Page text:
December 29, 2019 2 min read
By; B.J. Guest
Have an affinity for old cheesy kung fu movies? Love to play fast-moving physical characters in your D&D games? Then playing a monk may be for you! In this How to Build, I’ll be going over a few key features of the monk class as well as some race choices that could make great monks!
Monks have two class features that truly help it stand out against all others. Those two are Martial Arts and the monk’s access to Ki. Martial Arts allows the monk to base their attacks on their dexterity scores rather than the usual strength. This also ties to the monk’s greatest weapons, their fists! An unarmed attack from a monk deals 1d4+dex modifier damage. The d4 changes every as you level up to the next largest dice size capping off at a deadly d10.
Ki is a mystical kung fu “magic” that monks can access to perform different special attacks like being able to attack an extra time in their turn or being able to disengage or dodge as a bonus action. Monks are given a pool of ki points that is used up as they perform one of these special technics. The pool grows as the monk grows in their skill.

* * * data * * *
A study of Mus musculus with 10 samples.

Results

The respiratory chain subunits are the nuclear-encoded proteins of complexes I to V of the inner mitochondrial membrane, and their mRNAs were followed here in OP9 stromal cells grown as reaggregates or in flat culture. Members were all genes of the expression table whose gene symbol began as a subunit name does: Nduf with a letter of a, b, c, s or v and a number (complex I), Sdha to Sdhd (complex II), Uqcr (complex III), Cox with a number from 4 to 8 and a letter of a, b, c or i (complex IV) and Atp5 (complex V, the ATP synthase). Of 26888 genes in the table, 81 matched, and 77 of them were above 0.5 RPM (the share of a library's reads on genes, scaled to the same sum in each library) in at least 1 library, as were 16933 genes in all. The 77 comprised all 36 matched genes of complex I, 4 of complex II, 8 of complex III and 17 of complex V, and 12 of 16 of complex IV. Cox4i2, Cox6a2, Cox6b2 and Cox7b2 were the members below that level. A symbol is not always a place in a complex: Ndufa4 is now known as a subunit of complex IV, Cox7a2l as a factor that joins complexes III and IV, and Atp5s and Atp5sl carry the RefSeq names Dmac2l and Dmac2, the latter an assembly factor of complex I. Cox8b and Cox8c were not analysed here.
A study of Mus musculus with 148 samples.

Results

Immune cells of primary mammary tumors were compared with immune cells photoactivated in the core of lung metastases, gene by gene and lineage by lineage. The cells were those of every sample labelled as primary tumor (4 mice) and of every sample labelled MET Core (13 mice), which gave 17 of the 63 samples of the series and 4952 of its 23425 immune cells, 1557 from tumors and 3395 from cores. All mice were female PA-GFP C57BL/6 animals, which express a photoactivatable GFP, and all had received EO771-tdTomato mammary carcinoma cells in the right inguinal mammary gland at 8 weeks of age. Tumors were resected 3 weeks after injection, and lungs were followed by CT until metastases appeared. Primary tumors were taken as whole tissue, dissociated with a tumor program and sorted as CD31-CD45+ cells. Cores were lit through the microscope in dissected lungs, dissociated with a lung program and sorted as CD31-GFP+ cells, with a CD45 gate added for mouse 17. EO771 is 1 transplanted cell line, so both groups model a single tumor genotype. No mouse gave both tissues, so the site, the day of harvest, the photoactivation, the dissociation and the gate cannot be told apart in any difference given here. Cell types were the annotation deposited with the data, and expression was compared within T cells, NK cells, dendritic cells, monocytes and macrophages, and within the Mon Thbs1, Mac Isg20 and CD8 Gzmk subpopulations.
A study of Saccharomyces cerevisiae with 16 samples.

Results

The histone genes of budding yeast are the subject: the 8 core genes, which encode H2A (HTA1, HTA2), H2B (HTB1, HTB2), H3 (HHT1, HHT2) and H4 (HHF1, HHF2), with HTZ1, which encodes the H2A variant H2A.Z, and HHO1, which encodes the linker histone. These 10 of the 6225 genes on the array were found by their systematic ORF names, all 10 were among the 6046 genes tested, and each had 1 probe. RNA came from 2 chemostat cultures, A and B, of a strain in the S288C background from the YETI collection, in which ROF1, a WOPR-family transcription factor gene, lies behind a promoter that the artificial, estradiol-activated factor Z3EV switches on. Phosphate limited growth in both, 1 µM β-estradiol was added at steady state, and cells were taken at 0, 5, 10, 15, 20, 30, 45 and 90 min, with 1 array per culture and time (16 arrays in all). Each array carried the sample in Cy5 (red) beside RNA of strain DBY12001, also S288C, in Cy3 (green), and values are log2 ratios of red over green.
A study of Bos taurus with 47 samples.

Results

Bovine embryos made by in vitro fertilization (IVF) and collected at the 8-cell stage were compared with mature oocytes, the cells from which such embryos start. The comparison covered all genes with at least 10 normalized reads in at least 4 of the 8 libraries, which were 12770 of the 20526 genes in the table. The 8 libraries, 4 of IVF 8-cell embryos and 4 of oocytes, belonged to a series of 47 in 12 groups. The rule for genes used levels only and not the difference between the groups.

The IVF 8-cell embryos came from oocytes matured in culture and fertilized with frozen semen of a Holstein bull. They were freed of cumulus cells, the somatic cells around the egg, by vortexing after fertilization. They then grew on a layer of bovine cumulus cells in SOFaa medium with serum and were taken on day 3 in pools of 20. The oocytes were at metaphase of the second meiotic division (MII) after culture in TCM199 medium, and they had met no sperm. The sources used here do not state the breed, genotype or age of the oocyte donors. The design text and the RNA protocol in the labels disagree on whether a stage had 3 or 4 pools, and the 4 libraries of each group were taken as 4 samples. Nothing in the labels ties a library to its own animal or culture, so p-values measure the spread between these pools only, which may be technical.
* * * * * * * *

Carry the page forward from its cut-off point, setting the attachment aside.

The two abilities to focus on when creating a powerful monk are firstly dexterity and next, wisdom. Dexterity for buffing your armor class as well as using it for your attack and damage rolls. Wisdom is factored into your ki’s save DC so that’s important. The following races are choices that benefit these abilities as well as can be fun choices.
A goblin as a monk can make a fun kooky character that really throws the perception of goblins on its head each time the party goes into a populated area. Goblins have a +2 for Dex and 1 for Constitution, making them a viable option for monks.
The wingless crow people, the kenku can really add a mysterious element to your monk. Like goblins, kenkus have a +2 bonus towards Dex and a +1 for Wisdom. These are obviously great choices for a monk but one cool piece of roleplay is that kenkus cannot speak but only recreate sounds they heard.
The tabaxi race is a leopard-like people with cat-like dexterity that is fitting for a monk. Also sporting a +2 to Dexterity and a +1 to charisma, a tabaxi monk can be a difficult opponent as well as a neat character choice (think M’aiq the Liar from Elder Scrolls).
Other viable choices are:
Aarakocra (the best race)
Kobolds (imagine a monk who is constantly terrified of everything!)
As always, there are no right choices for D&D characters, the biggest detail is that you are having fun.
*Dungeons and Dragons and their content is the property of Wizards of the Coast. Norse Foundry makes no claim to ownership to any of the things discussed in this article, this article is a helpful opinion guide on to how to play the game.